Mark Emmert is out – and a Black, Latina or Asian woman needs to take his place at NCAA

Photo Credit: Eric Gay/AP

Often times in sports – as well as in society – ineptitude is often rewarded because the results of said ineptitude only benefit a select few that it was meant to benefit. 

For many years, Mark Emmert, the president of the NCAA, was the textbook definition of ineptitude. His face likely shows up alongside the dictionary definition of the word. From a culture that rewarded the haves over the have notes to clinging to this outdated notion that college athletics are merely “amateur” when the money going to it is anything but, Emmert is one of those 10,000 men that was sent to guard the past. 

Except one can only guard the past for so long before the future eventually wins out in the end. 

Last week it was announced that Emmert would be stepping down from his post as the president of the NCAA. His final day will be in 2023 after assuming the job in 2010 – meaning his tenure will span 13 years. 

And what a tumultuous 13 years it was. Between the realignment of conferences that began not too long after he took the job to the Ed O’Bannon case to scandals involving Penn State, North Carolina, Louisville, Michigan State and Baylor among others, Indianapolis has seen more than its fair share of upheaval during the Emmert era. 

Arguably, no recent event revealed how incompetent the NCAA is than what Sedona Prince of Oregon revealed in the run-up to the 2021 NCAA women’s basketball tournament – held in a central Texas bubble on account of the pandemic. 

Prince revealed the clear and obvious lack of preparation and care given to the women’s tournament in Texas. Compare that with how the men were treated in its tourney bubble in the Indianapolis area and it was another sign of how men’s sports were treated as a main attraction while the women were looked at as nothing more than a sideshow.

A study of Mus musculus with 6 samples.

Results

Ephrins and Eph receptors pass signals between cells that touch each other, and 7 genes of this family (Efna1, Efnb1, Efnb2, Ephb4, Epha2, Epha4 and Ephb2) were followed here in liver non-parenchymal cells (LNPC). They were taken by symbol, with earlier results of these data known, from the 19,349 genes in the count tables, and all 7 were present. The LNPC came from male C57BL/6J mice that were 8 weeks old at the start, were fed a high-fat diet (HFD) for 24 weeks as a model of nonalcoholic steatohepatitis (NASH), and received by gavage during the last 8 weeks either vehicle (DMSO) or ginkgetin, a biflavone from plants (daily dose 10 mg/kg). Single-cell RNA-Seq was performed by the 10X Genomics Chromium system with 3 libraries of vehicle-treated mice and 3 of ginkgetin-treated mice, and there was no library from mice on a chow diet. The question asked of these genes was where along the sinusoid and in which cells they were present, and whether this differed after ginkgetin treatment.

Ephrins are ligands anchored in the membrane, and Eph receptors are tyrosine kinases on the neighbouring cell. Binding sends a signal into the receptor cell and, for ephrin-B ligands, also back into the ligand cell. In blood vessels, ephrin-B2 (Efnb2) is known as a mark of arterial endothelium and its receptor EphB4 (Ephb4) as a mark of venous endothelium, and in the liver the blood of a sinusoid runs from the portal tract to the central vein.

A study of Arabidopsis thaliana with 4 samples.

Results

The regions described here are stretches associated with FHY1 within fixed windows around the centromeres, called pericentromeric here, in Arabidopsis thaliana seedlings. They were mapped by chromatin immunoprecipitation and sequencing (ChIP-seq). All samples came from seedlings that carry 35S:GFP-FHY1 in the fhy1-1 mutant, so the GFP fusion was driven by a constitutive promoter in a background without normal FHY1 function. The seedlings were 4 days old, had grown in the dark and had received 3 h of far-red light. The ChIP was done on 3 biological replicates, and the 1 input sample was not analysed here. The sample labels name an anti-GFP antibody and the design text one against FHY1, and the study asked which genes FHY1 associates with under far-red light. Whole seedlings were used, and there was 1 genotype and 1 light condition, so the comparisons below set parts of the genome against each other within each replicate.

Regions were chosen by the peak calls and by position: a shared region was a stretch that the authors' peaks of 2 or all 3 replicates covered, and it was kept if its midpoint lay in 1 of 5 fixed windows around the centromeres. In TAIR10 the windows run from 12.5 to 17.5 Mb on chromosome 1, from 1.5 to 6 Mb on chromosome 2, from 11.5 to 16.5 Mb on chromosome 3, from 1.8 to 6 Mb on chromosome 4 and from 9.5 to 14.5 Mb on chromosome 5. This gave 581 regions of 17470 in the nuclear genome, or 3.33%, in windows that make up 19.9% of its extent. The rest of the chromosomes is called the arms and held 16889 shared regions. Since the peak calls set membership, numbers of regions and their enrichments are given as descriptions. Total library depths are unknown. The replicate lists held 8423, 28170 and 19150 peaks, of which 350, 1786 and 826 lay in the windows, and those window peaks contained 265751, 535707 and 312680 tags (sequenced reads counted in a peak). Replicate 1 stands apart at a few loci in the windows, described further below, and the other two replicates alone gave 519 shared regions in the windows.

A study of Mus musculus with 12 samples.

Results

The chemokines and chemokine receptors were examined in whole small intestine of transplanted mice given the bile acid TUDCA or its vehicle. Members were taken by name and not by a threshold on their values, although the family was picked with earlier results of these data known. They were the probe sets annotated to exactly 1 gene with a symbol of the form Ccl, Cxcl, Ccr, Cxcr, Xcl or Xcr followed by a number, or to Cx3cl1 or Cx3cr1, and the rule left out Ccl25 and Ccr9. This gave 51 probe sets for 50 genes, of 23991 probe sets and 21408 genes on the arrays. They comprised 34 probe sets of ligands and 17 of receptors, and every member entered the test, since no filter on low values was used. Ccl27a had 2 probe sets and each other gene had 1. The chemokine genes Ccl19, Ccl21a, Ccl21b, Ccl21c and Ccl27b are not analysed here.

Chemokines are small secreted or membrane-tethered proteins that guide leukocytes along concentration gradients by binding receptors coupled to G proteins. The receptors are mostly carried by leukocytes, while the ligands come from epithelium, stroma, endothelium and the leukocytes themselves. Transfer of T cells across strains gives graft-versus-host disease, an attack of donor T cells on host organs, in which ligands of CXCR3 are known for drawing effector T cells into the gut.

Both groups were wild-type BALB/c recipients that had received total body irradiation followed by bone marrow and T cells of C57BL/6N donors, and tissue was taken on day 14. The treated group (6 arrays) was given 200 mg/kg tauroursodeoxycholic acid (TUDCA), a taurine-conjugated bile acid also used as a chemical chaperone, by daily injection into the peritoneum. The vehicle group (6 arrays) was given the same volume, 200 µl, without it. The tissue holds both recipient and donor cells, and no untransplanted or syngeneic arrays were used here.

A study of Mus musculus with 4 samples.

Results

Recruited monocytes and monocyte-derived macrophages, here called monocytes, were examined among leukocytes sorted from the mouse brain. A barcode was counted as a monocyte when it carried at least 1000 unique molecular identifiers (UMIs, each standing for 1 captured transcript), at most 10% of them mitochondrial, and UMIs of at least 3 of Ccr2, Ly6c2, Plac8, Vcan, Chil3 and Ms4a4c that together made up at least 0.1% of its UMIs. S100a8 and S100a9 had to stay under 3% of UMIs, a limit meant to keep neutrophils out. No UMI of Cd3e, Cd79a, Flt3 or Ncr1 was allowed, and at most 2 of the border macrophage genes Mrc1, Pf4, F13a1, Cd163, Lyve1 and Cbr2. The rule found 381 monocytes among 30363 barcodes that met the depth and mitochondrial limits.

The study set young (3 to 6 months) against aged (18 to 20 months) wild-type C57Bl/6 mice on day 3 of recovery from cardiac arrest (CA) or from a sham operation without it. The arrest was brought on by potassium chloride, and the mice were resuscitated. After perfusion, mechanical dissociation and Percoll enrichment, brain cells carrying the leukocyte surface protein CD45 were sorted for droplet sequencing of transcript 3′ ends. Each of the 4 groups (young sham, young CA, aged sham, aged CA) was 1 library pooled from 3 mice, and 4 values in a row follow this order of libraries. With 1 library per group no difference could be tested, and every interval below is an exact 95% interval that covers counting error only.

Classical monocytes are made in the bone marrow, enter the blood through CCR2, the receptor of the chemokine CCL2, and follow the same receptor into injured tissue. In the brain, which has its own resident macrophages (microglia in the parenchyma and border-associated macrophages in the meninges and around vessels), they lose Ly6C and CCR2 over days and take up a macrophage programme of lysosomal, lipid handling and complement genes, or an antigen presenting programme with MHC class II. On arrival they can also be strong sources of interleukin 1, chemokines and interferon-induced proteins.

That may have been something that the cavemen at the NCAA may have been able to get away with in the 1980s when Title IX was looked at as the “Lesbians’ Bill of Rights.” It is not something one can get away with in 2021 or 2022 where an increasing amount of respect is given to women’s sports. 

The 2022 NCAA women’s tournament was the first time in history that it officially had the iconic March Madness brand attached to it. That would not have happened without Prince exposing the NCAA as an emperor without any clothes by what she posted to her TikTok last March. 

Another loss the NCAA took in 2021 was the Supreme Court ruling that ushered in the era of Name, Image and Likeness (NIL). At long last, athletes themselves could get a piece of the financial pie Indianapolis was hoarding from them for so many years.

As the old saying goes, out with the old and in with the new. Emmert’s ouster is a classic case of good riddance to bad rubbish and it is time for someone with fresh ideas to serve in his stead. 

It is time for a woman to lead the NCAA. Any woman will do, but preferably a Black, Latina or Asian woman who will prioritize women’s sports such as basketball, soccer, volleyball and softball. One of the top candidates that has been speculated for the job is Condoleeza Rice. Say what one wants about her politics and being part of the presidential administration of the second George Bush – she is still a Black woman. 

For too long, the NCAA has held itself back by consistently living in the past – and it is why the long-term future of said NCAA has been a hot topic of conversation among many a sports pundit. The NCAA needs the conferences, teams and players. They do not need the NCAA and with NIL now a thing, it is every bit a business for the players as it is the teams, schools, conferences and league itself. 

Add in the history of sexism within the NCAA and it once again underscores why it is time for a woman to lead that entity. 

The NCAA needs someone who understands modern college athletics and is willing to embrace the ideas of NIL and the transfer portal, not shun away from them. It also needs someone who is willing to culturally clean up the NCAA from its sexist past and unequal history. 

Imagine the NCAA as a dirty downstairs bedroom that is such because the men who occupy said room sit on their couch all day eating chips, drinking beer and watching television with posters of women in bikinis lining its walls. It sorely needs a woman’s touch and that touch will allow it to become one with the present and future of college athletics instead of a tired and out of date relic of the past.